Boller vs. Leftwich: Advantage, Leftwich

OWINGS MILLS -- It has been over three years since quarterbacks Kyle Boller and Byron Leftwich became intrinsically linked through the gamesmanship and high drama of the NFL draft. With Boller under center for the Baltimore Ravens (2-6) against the Jacksonville Jaguars (5-3) on Sunday at Alltel Stadium, it prompts another round of what if's and compare and contrast with Leftwich leading most major categories by a fairly wide margin.

"They'll be compared for their entire careers as long as they're with their respective teams," Ravens coach Brian Billick said. "I don't know that the comparisons are quite fair right now because Byron has been there pretty much for the duration and Kyle has been in and out because of injury. Those comparisons naturally are going to continue."

The Ravens, particularly general manager Ozzie Newsome and former majority owner Art Modell, coveted Leftwich in the spring of 2003. However, they only had the 10th overall pick of the first round.

With the Minnesota Vikings on the clock and holding the seventh pick, Newsome was working the phones to try to trade to that slot to draft Leftwich. Former Ravens executive James "Shack" Harris, the Jaguars' vice president of player personnel who held the eighth pick, dialed up the Vikings to keep the phone tied up.

Ultimately, time ran out on the Ravens after verbally consummating the terms of a trade. They couldn't finalize the deal because the line to draft headquarters in New York was busy.

Scant seconds after the bewildered Vikings failed to turn in a pick, the Jaguars ran up to the podium and turned in Leftwich's name to nab their franchise quarterback.

The Ravens wound up picking Pro Bowl pass rusher Terrell Suggs with the 10th pick. At Billick's behest, they traded away the next year's first round pick to New England to draft Boller 19th overall out of Cal-Berkeley. Modell was visibly disappointed at not getting Leftwich.

Since that pivotal day, Leftwich has compiled a resume of above-average numbers and impressive durability.

Meanwhile, Boller has missed 15 games due to injuries, including the first half of this season with a hyperextended right big toe he suffered in the season opener against the Indianapolis Colts. He has generally been inconsistent, strugging with his accuracy and staring down primary reads.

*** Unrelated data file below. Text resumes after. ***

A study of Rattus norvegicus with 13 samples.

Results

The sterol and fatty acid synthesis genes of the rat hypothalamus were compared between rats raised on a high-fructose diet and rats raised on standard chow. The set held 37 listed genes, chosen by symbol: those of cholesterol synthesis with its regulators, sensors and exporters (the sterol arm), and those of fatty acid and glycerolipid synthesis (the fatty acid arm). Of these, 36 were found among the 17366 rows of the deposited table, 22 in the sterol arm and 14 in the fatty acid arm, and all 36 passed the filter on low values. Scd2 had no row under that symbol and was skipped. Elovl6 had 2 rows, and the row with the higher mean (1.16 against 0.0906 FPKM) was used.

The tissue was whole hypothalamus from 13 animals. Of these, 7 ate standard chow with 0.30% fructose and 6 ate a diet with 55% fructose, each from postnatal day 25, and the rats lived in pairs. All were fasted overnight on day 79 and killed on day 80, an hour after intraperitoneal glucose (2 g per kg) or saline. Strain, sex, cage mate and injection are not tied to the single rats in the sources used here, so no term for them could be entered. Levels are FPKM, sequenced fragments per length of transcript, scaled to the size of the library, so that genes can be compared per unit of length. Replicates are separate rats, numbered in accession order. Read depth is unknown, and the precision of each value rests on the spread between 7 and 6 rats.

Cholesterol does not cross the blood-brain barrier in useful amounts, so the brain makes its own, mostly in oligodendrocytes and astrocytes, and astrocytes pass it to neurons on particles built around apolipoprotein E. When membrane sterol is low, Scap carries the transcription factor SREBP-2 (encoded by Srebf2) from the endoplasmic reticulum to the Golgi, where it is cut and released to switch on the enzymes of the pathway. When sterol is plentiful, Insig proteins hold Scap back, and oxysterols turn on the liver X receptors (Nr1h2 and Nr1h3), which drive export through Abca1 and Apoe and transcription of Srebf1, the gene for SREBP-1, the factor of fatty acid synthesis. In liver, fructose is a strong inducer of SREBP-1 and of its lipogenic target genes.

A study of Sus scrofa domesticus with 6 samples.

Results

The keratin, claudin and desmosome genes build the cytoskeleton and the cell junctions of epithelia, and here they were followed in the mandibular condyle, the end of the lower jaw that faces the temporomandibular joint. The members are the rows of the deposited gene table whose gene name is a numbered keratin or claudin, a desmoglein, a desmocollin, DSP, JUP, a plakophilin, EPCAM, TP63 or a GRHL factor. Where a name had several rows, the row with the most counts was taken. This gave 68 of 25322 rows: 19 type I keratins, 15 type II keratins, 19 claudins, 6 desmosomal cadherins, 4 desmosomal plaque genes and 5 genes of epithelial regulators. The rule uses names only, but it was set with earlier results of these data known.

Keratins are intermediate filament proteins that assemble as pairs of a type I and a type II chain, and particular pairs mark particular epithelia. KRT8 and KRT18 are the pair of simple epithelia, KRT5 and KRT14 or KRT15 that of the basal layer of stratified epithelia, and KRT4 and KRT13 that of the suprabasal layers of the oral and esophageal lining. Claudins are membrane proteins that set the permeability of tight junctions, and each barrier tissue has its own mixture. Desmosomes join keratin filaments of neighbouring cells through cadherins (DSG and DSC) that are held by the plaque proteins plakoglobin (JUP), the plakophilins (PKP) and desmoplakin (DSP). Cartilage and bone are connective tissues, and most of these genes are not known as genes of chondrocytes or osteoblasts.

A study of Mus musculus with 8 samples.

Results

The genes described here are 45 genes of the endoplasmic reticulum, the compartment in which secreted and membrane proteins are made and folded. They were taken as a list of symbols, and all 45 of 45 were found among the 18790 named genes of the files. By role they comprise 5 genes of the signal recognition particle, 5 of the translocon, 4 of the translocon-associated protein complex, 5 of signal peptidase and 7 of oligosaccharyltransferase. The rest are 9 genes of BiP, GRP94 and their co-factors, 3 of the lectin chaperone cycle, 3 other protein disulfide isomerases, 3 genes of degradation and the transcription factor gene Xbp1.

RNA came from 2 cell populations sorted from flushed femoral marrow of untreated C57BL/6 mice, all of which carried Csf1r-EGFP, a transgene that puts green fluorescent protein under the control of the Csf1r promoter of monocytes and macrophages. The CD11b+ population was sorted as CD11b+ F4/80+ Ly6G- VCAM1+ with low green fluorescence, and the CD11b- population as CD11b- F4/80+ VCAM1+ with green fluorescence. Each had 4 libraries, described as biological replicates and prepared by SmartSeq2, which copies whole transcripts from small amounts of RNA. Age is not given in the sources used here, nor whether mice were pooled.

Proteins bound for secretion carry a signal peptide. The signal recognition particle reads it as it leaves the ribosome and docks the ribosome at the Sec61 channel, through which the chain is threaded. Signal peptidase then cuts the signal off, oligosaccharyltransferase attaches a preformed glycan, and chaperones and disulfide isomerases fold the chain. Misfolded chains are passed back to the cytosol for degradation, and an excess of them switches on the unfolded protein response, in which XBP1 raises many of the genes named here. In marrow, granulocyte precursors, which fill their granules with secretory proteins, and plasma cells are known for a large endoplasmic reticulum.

However, Boller did improve markedly in the second half of last season before regressing during an alarming preseason.

"I got to know Byron a little bit, and I think we both have our own situations," said Boller, whose injury was cheered by some fans at M&T Bank Stadium. "Things happen for a reason. It's going to be fun to compete against him. I'm sure people are going to compare us, but things are different. Hopefully, we'll come out of there with a win."

In three seasons, Leftwich is 18-17 as a starter. Boller is 14-12, but two losses account for games he started but didn't finish because of injuries.

Statistically, Leftwich has built quite an edge.

He has completed 641 of 1,091 passes (58.8 percent) for 7,396 yards, 40 touchdowns and 31 interceptions for a 79.7 passer rating.

"Everybody is where they want to be," Leftwich told Jacksonville reporters. "I'm very happy in Jacksonville. Things worked out that way for a reason."

Boller has completed 389 of 711 passes (54.7 percent) for 3,960 yards 20 touchdowns and 21 interceptions for a 67.9 passer rating.

Yet, Billick remains a staunch supporter of Boller who's essentially auditioning for his future in these impending eight games.

"He has everything: the arm, athleticism, bright, good vision, natural charismatic character," Billick said. "He has a nice frenetic pace about him. He just needs to play. He needs to get into a rhythm.

"Each of his seasons have been interrupted, so that's probably the biggest disappointment for me. We came into this season with very high expectations obviously as a team and for Kyle. To have that cut short for him because of the injury is very frustrating."

This has been Leftwich's career-best campaign. With 58.2 percent accuracy, he's thrown for 1,636 yards, 11 touchdowns and five interceptions for an 86.8 passer rating that's 10th in the AFC.

"The accuracy, the toughness to make all the throws, you saw all that," Billick said.

In Boller's lone start, he completed 65 percent of his passes for 141 yards and an interception. In the final 10 games of last season, he averaged 182.3 yards passing with 11 touchdowns and six interceptions.

"He has to play a lot more for everybody to get a realistic idea of just how good he is," Billick said. "Those who want to decide what kind of quarterback he is on the limited time he's actually played, I think maybe are missing the boat a little bit."

The only previous time Boller and Leftwich dueled was when they were rookies.

The Ravens took a 24-17 win in Baltimore as each quarterback threw one touchdown and an interception.

Leftwich lost two fumbles and threw for 208 yards. Boller, who completed 10 of 23 passes for 156 yards, lost a fumble that was returned for a touchdown.

Now, a rusty Boller is heading to Jacksonville with a lot to prove as he takes over the worst scoring offense in the league.

"There is pressure obviously, but I see it as an opportunity," said Boller, under contract through 2007. "I just want to go out there and be the quarterback that I know I can be. It's frustrating, but injuries are part of the game. I can't get hurt from here on out."

In addition to being a long time contributor to RavensInsider, Aaron Wilson writes for the Carroll County Times in Westminster Maryland.